Mount Evans Scenic Byway takes visitors up the highest paved road in North America while also providing an accessible method to “bag” a 14,000-foot peak.
On July 22, 1923, work started on the highest road in North America: the Mount Evans Scenic Byway. Today, visitors can travel its twenty-eight mile stretch one way to reach the summit of the 14,130-foot mountain. The byway begins about sixty miles west of Denver in the mining town of Idaho Springs. Along the way up, visitors pass Echo Lake, Summit Lake, and the Walter Pesman Alpine Garden, which is home to 1,700-year-old bristlecone pines. Along the road, individuals gain 7,000 feet of elevation while those starting in Denver will gain about 9,000 feet. Due to volatile winter conditions, the road is generally only open from Memorial Day to Labor Day.
The first recorded summiting of Mount Evans itself was by landscape painter Albert Bierstadt in 1863. Originally, the mountain was named Mount Rosalie. After the expulsion of Governor John Evans due to the Sand Creek Massacre, the name of the mountain was changed to remember the disgraced governor. The mountain later became more accessible in 1931 when construction of the road was complete and was opened to the public.
Bagging “fourteeners”—a colloquialism meaning summiting a peak 14,000 feet above sea level—is a popular sport in Colorado, and the mountains are hard to resist. Because Mount Evans Scenic Byway is so easy to access, it makes for an easy first peak. After parking at the top of the mountain, individuals only have to hike a quarter of a mile to the real summit. However, high altitude presents many dangers such as oxygen deprivation, extreme sun exposure, and sudden thunderstorms. Visitors may experience altitude sickness, which can be broken down into acute mountain sickness, high-altitude pulmonary edema, and high-altitude cerebral edema. In its less serious stage, acute mountain sickness, individuals may suffer from headaches, nausea, dizziness, and other systems. High-altitude pulmonary edema (HAPE) becomes a possible concern among 15% of healthy individuals at 14,000 feet but is still not the most dangerous form of altitude sickness. Individuals suffering from HAPE may experience confusions, serious fatigue, and coughing or chest tightness. Finally, high-altitude cerebral edema is the most dangerous form of altitude sickness and if not treated, can lead to coma and death. Its symptoms include confusion, incoordination, and even hallucinations, caused by a buildup of fluids in the brain and sometimes lungs.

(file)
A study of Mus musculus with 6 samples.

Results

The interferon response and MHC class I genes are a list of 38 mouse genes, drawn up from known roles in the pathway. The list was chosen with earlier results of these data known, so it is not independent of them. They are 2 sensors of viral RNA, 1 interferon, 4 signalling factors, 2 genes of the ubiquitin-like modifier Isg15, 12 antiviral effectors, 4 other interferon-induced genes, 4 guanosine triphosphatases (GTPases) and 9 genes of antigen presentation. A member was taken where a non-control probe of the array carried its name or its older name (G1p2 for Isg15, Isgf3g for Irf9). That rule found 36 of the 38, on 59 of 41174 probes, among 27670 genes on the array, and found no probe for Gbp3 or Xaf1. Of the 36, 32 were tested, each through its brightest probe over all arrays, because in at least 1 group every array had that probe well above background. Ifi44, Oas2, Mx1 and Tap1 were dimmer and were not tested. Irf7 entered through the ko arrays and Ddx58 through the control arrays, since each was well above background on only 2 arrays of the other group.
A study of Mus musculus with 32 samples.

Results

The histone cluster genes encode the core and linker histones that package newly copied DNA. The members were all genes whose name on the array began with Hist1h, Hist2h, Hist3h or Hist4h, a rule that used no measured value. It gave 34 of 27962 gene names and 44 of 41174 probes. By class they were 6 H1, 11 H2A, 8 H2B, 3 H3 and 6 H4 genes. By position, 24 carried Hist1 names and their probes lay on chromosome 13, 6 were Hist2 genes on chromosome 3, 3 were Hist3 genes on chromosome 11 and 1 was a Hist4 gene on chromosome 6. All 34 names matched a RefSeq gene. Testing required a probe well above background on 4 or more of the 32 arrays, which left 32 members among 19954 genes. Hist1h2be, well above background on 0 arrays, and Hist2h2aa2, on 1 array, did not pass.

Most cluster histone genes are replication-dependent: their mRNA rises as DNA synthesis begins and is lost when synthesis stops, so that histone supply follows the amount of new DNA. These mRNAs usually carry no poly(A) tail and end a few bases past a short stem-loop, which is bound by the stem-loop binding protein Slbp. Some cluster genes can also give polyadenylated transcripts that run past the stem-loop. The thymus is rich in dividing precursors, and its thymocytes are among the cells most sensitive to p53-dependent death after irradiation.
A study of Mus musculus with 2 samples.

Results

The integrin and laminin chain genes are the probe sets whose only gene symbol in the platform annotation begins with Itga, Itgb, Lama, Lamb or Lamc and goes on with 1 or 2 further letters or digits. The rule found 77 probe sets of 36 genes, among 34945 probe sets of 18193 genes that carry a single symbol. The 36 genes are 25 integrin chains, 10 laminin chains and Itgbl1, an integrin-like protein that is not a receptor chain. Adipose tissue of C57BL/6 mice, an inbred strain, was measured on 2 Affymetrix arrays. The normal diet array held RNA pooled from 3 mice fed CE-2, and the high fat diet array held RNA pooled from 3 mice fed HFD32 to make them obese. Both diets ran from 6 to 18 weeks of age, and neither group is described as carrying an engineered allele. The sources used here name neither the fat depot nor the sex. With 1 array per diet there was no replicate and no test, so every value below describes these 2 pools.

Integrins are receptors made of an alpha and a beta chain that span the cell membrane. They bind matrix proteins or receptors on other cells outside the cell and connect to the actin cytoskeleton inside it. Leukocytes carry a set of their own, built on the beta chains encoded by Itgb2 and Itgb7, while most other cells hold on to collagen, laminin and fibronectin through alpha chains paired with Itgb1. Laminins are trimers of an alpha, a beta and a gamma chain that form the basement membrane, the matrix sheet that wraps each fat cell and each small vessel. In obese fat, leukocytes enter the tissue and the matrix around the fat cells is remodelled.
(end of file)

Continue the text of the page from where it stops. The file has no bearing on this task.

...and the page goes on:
In order to prevent altitude sickness, individuals are advised to acclimate to altitude gradually, drink plenty of water, and travel high but sleep low. Sunscreen will also help protect individuals against the sun at 14,000 feet, where the atmosphere provides 50% less protection than visitors may be used to. Also, individuals should try to be off the mountain by the afternoon to avoid thunderstorms. All of these steps can help to prevent disaster on the mountain.